2009 Impact Rookie: Trevor Cahill

The Oakland Athletics organization is loaded with pitching talent in the upper two levels of the minor league system. Trevor Cahill may be further away than the likes of Brett Anderson and Gio Gonzalez, but he arguably has a higher ceiling. The right-hander was originally selected out of high school by the Athletics in the second round of the 2006 draft and he has moved quickly for a prep pitcher, especially in an organization that is thought to favor college players.

In three seasons, the soon-to-be-20-year-old hurler has missed a lot of bats, having allowed just 163 hits in 238.2 cumulative innings. Last season, he allowed 52 hits in 87.1 High-A innings before moving up to Double-A for seven appearances. In those games, Cahill allowed 24 hits in 37 innings and posted rates of 4.62 BB/9 and 8.03 K/9 (which was the first time his strikeout rate was below 10.00 K/9). He obviously still has work to do on his control. Cahill possesses an 88-93 mph fastball, as well as a plus curveball and improving change-up.

There should be plenty of opportunities for young starting pitchers to appear in Oakland this season. Top pitcher Justin Duchscherer is just one year removed from pitching out of the bullpen and he is injury prone. Other starters who should have an inside track on a job include the inconsistent Dana Eveland, the unproven Sean Gallagher, and the aforementioned Gonzalez. Josh Outman, acquired from Philly in the Joe Blanton deal last season, could figure into the rotation or bullpen. Interestingly, Cahill is the only homegrown talent, which is odd for a club that has a reputation build on its draft history.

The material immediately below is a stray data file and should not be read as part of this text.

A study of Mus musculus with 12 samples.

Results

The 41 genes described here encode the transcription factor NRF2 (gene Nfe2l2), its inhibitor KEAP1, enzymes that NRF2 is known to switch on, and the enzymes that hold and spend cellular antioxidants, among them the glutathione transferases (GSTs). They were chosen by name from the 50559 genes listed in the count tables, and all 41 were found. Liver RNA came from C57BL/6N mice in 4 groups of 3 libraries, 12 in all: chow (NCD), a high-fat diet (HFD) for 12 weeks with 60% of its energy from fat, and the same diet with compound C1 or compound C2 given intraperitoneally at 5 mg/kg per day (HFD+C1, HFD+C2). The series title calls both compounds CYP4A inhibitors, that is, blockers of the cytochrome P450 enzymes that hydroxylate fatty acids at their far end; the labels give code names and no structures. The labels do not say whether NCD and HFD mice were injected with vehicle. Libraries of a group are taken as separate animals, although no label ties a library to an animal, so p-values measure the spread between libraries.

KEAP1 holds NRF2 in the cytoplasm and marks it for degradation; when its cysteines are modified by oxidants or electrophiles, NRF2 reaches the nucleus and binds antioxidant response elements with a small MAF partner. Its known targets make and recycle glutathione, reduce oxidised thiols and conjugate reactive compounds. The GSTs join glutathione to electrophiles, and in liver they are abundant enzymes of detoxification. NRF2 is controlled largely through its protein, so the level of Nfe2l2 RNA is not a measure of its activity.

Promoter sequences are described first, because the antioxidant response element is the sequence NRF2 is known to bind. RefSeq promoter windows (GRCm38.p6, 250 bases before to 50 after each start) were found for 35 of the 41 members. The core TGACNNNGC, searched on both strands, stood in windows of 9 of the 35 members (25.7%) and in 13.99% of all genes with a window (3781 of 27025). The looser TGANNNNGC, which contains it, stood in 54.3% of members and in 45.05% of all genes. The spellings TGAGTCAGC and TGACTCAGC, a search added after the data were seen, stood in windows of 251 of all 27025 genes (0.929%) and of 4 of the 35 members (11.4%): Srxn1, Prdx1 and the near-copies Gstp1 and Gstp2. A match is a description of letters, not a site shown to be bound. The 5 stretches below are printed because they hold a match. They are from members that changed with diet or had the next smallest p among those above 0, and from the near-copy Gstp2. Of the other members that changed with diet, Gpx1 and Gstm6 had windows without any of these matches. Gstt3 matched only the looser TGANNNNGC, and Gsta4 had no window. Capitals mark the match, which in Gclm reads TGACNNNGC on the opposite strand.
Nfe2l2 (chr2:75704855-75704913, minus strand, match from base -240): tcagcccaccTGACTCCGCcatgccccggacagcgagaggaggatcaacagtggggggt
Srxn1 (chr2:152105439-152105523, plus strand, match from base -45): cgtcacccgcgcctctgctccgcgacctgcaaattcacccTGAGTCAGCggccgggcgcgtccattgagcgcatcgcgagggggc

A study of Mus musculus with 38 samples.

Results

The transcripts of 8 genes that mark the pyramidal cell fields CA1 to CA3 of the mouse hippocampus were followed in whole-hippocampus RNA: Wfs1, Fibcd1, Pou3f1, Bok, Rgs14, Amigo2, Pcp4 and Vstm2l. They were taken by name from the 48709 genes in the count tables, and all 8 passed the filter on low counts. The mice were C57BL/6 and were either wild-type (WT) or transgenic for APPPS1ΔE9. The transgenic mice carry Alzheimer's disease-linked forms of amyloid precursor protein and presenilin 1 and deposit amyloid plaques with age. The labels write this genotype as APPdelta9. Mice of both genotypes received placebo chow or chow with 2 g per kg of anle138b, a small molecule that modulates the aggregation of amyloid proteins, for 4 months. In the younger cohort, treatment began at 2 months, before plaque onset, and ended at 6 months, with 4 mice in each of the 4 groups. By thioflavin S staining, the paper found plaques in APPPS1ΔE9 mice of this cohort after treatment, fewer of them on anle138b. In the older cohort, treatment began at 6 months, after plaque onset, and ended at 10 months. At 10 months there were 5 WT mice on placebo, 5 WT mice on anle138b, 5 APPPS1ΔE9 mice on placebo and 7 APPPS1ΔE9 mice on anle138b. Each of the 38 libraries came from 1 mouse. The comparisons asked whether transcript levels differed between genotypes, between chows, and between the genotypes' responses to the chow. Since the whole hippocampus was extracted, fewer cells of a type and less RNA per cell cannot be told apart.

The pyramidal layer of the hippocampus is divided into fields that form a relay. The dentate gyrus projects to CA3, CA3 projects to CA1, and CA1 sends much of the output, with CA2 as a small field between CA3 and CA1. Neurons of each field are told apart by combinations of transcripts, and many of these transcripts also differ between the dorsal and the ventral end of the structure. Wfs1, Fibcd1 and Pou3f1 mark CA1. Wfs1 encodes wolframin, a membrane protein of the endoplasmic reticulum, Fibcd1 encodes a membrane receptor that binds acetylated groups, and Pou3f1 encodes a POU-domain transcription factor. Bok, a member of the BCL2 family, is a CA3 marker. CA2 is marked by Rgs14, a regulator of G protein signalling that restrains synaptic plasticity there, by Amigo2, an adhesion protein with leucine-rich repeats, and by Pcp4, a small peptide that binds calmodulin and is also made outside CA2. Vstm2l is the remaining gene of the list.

After being quiet on the 2008-09 free agent market, the club will have to find a replacement for Greg Smith’s 190.1 innings. The left-hander was used to help acquire star outfielder Matt Holliday from the Rockies earlier in the off-season. Blanton and Rich Harden also combined to provide 204 innings before their trades out of town. It will likely take at least three young pitchers to help make up for those almost 400 innings and Cahill should certainly be in line for a good portion of those if he gets off to a good start in the minors this season.

Even if he does appear for 100 innings or so in the Majors this season, Cahill will probably not be a huge factor in fantasy baseball. He is someone to consider for keeper leagues, however, with the ceiling of a No. 2 starter.

Leading up to the beginning of the 2009 season, Rotographs will look at the top 30 prospects (in no particular order) who enter the season having the best chances to make an impact at the Major League level this year.



Marc, don’t forget about Dallas Braden. I would include him in the pitchers “with an inside track” category. He impressed in his short stint in August.